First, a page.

Tribeca 2017: The Circle
In a world where companies like Google, Facebook, and Twitter are widely used communicative tools, a film like The Circle where the sinister implications of such networks should appropriately be a slam-dunk of a concept. Sadly, this feature from director James Ponsoldt and writer Dave Eggers manages to be a thriller with little-to-no excitement, failing to hone in on a premise that’s ripe for evaluation.
Mae Holland (Emma Watson) receives the once-in-a-lifetime opportunity to get a coveted position at The Circle - the world’s most successful company that acts as a major social tool for innovation. Operating out of a massive campus where its hundreds of employees reside, The Circle brings together email, social media, and monetary transactions under one umbrella and one common identity, which is completely available to other users of the system. On first glance, the environment seems like a happy, productive area, where workers are developing the latest cutting edge software and having ample room for fraternizing. As Mae’s position becomes elevated as she engages with the company’s image, and grows more distant with her loved ones, she begins to realize that The Circle’s idea of ‘knowing is good, but knowing everything is better’ has its repercussions.
While The Circle starts off on a relatively good fit, it eventually becomes bogged down with rushed pacing and too much techno-babble that in effect doesn’t mean anything, or at least, uses complex language to mask a fairly simple narrative. The introduction of micro-sized cameras by its public representative Eamon Bailey (Tom Hanks), in which the idea is put forward that The Circle is able to watch over anyone at any given time creates heightened suspicion, in addition to how they believe that ‘secrets are lies’, and that a fully transparent identity is the way to be. This sets the stage for questioning their motives, though anyone with a conscience should be able to see the upshot of this, making Mae’s decision to not only go along with it but actually make it her mission to improve on this mission questionable. Yes, we live in a society controlled by technology already, and The Circle attempts to show what would happen if this idea was pushed to the brink, but it lacks the tension to make its concerns as effective as it wants to be, and while it combats issues that are prevalent today, isn’t able to make one feel truly scared for what it posits or even make a solid claim for whether social media is good or bad.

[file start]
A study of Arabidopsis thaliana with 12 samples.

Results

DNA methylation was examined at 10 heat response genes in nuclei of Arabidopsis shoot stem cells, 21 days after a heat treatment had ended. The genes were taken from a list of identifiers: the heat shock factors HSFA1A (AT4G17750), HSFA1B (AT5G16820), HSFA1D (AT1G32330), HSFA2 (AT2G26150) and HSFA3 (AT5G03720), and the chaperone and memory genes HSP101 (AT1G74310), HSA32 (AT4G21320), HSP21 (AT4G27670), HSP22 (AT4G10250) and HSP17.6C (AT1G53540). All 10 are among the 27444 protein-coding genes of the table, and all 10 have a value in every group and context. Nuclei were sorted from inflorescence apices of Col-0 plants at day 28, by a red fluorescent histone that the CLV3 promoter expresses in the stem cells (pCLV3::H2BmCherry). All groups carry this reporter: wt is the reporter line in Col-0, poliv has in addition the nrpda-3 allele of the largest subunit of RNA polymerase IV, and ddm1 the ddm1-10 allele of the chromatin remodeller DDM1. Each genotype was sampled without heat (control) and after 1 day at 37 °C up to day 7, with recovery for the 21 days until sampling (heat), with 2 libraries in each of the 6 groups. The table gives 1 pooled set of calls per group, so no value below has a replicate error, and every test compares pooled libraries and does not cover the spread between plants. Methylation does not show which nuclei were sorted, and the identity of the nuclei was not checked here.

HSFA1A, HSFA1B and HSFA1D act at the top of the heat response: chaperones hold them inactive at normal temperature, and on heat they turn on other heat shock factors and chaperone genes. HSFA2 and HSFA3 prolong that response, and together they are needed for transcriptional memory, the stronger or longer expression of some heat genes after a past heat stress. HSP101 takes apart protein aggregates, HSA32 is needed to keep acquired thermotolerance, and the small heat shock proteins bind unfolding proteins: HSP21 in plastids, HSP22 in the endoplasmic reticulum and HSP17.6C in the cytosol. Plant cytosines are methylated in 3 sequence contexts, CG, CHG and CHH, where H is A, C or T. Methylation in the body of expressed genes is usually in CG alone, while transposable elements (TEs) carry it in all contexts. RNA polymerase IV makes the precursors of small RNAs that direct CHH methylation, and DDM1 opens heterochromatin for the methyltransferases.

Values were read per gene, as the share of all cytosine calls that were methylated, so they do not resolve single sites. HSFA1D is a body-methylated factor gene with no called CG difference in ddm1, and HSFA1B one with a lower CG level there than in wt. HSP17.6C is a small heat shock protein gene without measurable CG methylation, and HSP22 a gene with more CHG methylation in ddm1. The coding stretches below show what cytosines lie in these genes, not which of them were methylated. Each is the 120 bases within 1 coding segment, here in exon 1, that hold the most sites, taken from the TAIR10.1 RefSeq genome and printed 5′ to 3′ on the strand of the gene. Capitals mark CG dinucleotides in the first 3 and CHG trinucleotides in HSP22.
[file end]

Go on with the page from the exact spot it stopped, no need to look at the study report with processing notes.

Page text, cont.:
A great cast is assembled, but aren’t given a whole lot of interesting character moments respectively. As the protagonist Mae, Emma Watson recieves the lion’s share of attention, as she attempts to understand more about The Circle and the intent beyond making their platform omniscient to the point where anyone who isn’t registered within their confines is labelled a threat. Watson works to the best of her abilities as relegated by the screenplay, though beyond a couple moments of exposition she’s dull as a doorknob. As the co-founder Eamon Bailey, Tom Hanks manages to add charm as the public face of the company, and when he’s on screen you can’t help but feel like the film is picking up, as his everyman abilities lend well to the character. In a strange bit of miscasting, comedic actor Patton Oswalt feels out of place as CEO Tom Stenton, who comes across as the more business focused of The Circle’s leaders. Oswalt is no stranger to dramatic work in films like Big Fan, and is fairly likeable on his own, but it’s hard to take him seriously here. Elsewhere, John Boyega gets an interesting role as Ty Lafitte who sees The Circle’s alterior motives in keeping a watch over everyone, Karen Gillan as Mae’s overworked best friend Annie, Ellar Coltrane as Mae’s social hating ex-boyfriend Mercer, and in his final on-screen role to date, the late Bill Paxton as Mae’s multiple sclerosis-suffering father Vinnie.
Given its cast and director, The Circle is a major disappointment. I’m not exactly sure why Dave Eggers’ novel needed to be adapted, while a bestseller upon release in 2013, it’s far from his best works, and seems like an attempt to capitalize on growing paranoia revolving around the world of social networks and constant surveillance. As someone who’s a fan of Ponsoldt’s past features like The Spectacular Now and Smashed, I’m sad that his first mainstream outing amounts to such a missed opportunity. I’m sure he will rebound with another small-scale indie feature, but as far as The Circle goes, you would be much better off staying home and watching a couple episodes of Black Mirror over throwing money at this.